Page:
Suicide prevention insights

Stress 7012306_l Policy proposals in Scotland and the Republic have identified training, responsible media reporting and a major increase in preventative funding as potential ways to reduce suicide.

Northern Ireland’s immediate neighbours have traditionally experienced high rates of suicide but, in recent years, they have also generated new thinking about the problem.

Scotland’s Choose Life action plan was published in 2002 and has contributed to an 18 per cent reduction in suicide over the following ten years. Training and raising awareness have been highlighted as key priorities.

Each local authority is expected to produce (and update) its own suicide prevention action plan, which is backed up by a dedicated local budget. Most of them also have a Choose Life co-ordinator to deliver training, run awareness campaigns and work with local voluntary groups.

NHS boards are expected to ensure that at least 50 per cent of their front-line, primary care and mental health staff are trained in suicide prevention. Police Scotland, the Scottish Prison Service and the universities also ensure that their staff attend training workshops and implement strategies.

A national media campaign – ‘Suicide. Don’t Hide it. Talk about it.’ – tackled stigma and encouraged people at risk to talk to someone as the first step towards getting help. The current campaign – ‘Read between the lines’ – calls on everyone to be alert to the warning signs of suicide in their friends, family and work colleagues. The message is that if a person is worried about someone else, asking them directly about their feelings can help to save their life.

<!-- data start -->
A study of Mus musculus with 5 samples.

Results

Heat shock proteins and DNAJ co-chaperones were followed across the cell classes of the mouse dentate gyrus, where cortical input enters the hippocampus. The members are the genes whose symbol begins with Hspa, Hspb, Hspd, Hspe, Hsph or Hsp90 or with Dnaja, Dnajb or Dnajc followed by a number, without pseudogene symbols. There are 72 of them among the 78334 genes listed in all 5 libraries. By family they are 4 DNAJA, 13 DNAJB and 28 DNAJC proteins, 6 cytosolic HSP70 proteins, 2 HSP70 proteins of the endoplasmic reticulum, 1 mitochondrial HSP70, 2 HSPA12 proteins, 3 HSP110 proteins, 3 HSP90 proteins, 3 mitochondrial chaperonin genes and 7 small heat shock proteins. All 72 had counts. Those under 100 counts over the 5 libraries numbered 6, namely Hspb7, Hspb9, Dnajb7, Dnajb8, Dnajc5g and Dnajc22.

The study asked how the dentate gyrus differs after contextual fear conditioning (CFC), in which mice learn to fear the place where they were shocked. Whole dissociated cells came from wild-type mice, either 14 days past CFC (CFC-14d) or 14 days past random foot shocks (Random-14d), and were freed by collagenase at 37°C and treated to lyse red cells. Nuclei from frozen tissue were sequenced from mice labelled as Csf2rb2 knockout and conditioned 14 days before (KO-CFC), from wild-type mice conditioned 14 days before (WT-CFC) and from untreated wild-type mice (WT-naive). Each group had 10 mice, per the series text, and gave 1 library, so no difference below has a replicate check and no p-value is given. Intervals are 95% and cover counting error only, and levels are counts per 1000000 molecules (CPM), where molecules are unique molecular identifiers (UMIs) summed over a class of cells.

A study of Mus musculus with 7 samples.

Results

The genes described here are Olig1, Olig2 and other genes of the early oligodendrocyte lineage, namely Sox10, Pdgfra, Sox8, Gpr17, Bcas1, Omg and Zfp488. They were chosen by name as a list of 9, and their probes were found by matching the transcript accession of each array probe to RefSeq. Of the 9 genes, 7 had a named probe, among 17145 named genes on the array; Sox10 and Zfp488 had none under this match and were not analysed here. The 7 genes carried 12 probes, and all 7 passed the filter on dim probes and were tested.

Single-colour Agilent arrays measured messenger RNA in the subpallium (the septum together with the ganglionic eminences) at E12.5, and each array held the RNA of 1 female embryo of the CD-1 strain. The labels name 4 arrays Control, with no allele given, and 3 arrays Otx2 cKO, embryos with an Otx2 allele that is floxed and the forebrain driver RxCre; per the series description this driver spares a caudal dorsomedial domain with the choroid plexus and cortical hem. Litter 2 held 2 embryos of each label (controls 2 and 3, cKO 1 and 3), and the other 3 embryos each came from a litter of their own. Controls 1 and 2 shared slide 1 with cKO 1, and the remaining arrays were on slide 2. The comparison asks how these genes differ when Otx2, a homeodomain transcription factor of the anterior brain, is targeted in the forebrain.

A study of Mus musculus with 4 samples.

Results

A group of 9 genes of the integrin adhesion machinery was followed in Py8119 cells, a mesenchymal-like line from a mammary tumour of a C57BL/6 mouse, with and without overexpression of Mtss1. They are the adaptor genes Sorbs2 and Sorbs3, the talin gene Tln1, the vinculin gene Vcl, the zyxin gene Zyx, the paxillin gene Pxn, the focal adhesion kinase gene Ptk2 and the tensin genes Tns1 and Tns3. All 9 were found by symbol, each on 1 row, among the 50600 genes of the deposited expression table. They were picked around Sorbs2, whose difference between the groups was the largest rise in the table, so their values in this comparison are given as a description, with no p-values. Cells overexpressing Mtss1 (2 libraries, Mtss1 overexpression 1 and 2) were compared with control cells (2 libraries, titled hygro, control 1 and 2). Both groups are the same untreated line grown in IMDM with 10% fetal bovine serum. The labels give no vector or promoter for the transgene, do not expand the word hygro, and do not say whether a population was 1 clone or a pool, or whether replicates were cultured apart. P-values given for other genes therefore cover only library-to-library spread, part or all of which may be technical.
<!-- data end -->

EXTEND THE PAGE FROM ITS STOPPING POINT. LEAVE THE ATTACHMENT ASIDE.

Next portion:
NHS Scotland sees the media as having an “enormous responsibility” to deal with the issue in a “sensitive and thoughtful way.” Sensationalised reporting can lead to ‘copycat’ suicides and joint reporting guidelines have been drawn up with input from the National Union of Journalists.

While Scotland is making progress, the incidence of suicide in the Republic has almost doubled over the last 30 years and continues to rise. Fianna Fáil Senator Marc MacSharry has taken a close personal interest in the issue and helped to draft a detailed policy for his party in March 2013.

“It was shocking to find how inadequate current structure, policy and resources are in this area,” MacSharry said at the time. His proposals include a national 24-hour helpline; out-of-hours emergency social worker teams across the country; mandatory registration of counsellors and psychotherapists; and the phasing out alcohol advertising and sponsorship (especially where young people are the main audience).

The National Office for Suicide Prevention is currently part of the Health Service Executive but MacSharry wants to see it become independent with a ring-fenced budget.

He expected the full policy to cost €88 million per year (£71 million).

By comparison, the Republic’s current strategy is equivalent to £7.1 million per annum and Northern Ireland’s Protect Life policy receives around £3.2 million per year.

MacSharry appreciates that this is an ambitious sum but says that it could be financed by increasing off-sales alcohol duty by 7.5 per cent. The costs of suicide, in his view, are far greater than the current investment into tackling the problem. He contends that a major initial investment will result in considerable improvement and therefore reduce its human and financial costs in the long run.